I was 13 when the bullying started. The first time was my best friend. She started hanging out with the wrong people and getting into bad habits, such as smoking and drugs. She tried getting me into it but I didn’t. She started to say things to me, calling me a coward because I wouldn’t do something. She made me feel stupid in front of everyone.
It knocked my confidence down, especially when I had to lie about where I was because I was always out with this girl and she wanted to be out with her friends in the park. She was the only friend I had left. Because I was changing, people didn’t want to know me, I was known as ‘her best friend’.
Then another girl started to send me nasty messages. She threatened me, saying she would come to my house and cut me up. I became depressed. All I wanted to do was sleep when I got home, I had no confidence and no control.
How did you overcome it?
The only way I could overcome the bullying was by leaving the school and losing contact with everyone. I told my mum what happened and I am now home-schooled. I don’t have the confidence to go to a new school.
What would you say to someone who is being bullied right now?
I would say to never let people put you down. Never keep it a secret – tell someone and do something about it. Even if it’s not you, no one deserves to go through it.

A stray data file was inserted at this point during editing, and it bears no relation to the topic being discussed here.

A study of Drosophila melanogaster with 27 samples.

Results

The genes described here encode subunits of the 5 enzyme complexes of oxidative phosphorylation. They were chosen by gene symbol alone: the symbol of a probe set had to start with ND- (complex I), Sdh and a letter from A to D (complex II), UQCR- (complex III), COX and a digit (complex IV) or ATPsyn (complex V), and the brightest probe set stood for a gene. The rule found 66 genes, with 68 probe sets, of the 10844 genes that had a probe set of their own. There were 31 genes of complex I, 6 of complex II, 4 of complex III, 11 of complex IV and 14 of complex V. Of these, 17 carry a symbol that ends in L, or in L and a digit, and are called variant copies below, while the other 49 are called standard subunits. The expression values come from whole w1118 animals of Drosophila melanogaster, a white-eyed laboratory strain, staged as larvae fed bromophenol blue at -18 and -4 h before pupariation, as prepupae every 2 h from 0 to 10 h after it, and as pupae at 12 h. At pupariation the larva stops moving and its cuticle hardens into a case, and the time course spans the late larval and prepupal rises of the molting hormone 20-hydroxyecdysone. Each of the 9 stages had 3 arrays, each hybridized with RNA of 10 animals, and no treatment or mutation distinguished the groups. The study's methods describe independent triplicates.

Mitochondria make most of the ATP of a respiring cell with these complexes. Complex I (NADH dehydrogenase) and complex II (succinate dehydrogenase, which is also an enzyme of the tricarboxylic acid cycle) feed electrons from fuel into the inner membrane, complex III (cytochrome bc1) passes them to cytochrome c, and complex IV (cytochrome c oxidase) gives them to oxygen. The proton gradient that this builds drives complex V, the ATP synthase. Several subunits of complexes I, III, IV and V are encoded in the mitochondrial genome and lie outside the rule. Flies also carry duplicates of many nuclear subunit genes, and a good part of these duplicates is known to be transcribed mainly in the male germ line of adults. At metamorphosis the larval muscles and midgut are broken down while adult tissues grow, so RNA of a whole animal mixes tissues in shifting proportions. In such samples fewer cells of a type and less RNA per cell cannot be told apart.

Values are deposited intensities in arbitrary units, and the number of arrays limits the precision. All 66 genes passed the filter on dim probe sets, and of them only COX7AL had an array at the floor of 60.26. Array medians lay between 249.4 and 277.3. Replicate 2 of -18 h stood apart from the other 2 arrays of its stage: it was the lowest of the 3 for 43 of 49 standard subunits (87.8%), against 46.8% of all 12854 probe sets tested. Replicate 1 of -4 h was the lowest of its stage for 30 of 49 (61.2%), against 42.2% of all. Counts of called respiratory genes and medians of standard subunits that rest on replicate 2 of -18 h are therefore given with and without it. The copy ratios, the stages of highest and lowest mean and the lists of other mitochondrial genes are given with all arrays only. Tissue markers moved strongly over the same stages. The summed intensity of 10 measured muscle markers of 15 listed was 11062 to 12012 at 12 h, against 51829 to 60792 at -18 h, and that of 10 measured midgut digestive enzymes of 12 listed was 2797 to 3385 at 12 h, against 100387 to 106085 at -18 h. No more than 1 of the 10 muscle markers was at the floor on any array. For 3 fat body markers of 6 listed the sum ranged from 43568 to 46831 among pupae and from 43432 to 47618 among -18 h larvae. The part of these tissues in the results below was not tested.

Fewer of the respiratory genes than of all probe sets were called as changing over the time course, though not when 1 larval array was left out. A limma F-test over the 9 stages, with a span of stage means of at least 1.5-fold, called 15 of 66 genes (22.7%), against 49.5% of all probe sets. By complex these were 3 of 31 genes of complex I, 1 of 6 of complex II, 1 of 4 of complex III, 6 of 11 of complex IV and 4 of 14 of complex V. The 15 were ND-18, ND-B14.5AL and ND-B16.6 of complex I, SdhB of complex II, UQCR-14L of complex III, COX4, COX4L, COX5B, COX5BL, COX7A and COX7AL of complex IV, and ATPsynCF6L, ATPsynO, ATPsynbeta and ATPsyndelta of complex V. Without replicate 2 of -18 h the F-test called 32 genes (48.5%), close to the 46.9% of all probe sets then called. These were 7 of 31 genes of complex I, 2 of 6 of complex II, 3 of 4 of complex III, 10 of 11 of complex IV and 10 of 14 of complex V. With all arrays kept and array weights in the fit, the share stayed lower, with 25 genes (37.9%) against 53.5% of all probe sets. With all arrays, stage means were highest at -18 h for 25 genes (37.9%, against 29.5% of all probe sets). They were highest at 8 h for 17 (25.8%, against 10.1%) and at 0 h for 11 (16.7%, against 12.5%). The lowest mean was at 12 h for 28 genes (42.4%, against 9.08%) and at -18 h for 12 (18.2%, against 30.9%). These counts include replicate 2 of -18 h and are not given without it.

We ask psychotherapist and Counselling Directory member, Nicola Butcher her thoughts.
Being bullied by someone you had trust in, I understand would have had a terrible effect on your emotions. Being the victim of bullying can also often lead you to believe that you are alone and that there is something wrong with you. As a result, it can have a huge impact on your self-esteem and mental health.
However, from hearing your story I can recognise that you have a great deal of strength within you. You have shown bravery and strength. You refused to join in with the smoking and the drugs, no matter how much pressure they put on you. You then took the brave step of leaving school. These are no small feat.
Now would be a good time to consider some support. Talking with someone can help you learn to think about your strengths and take ownership of them – after all, they are yours. Speaking to a therapist will help you see that being the victim of bullying does not need to define you if you don’t want it to, but allow your strengths and your true character to define you. These in turn, will help your confidence grow and when you are ready to take the next step, continue to grow.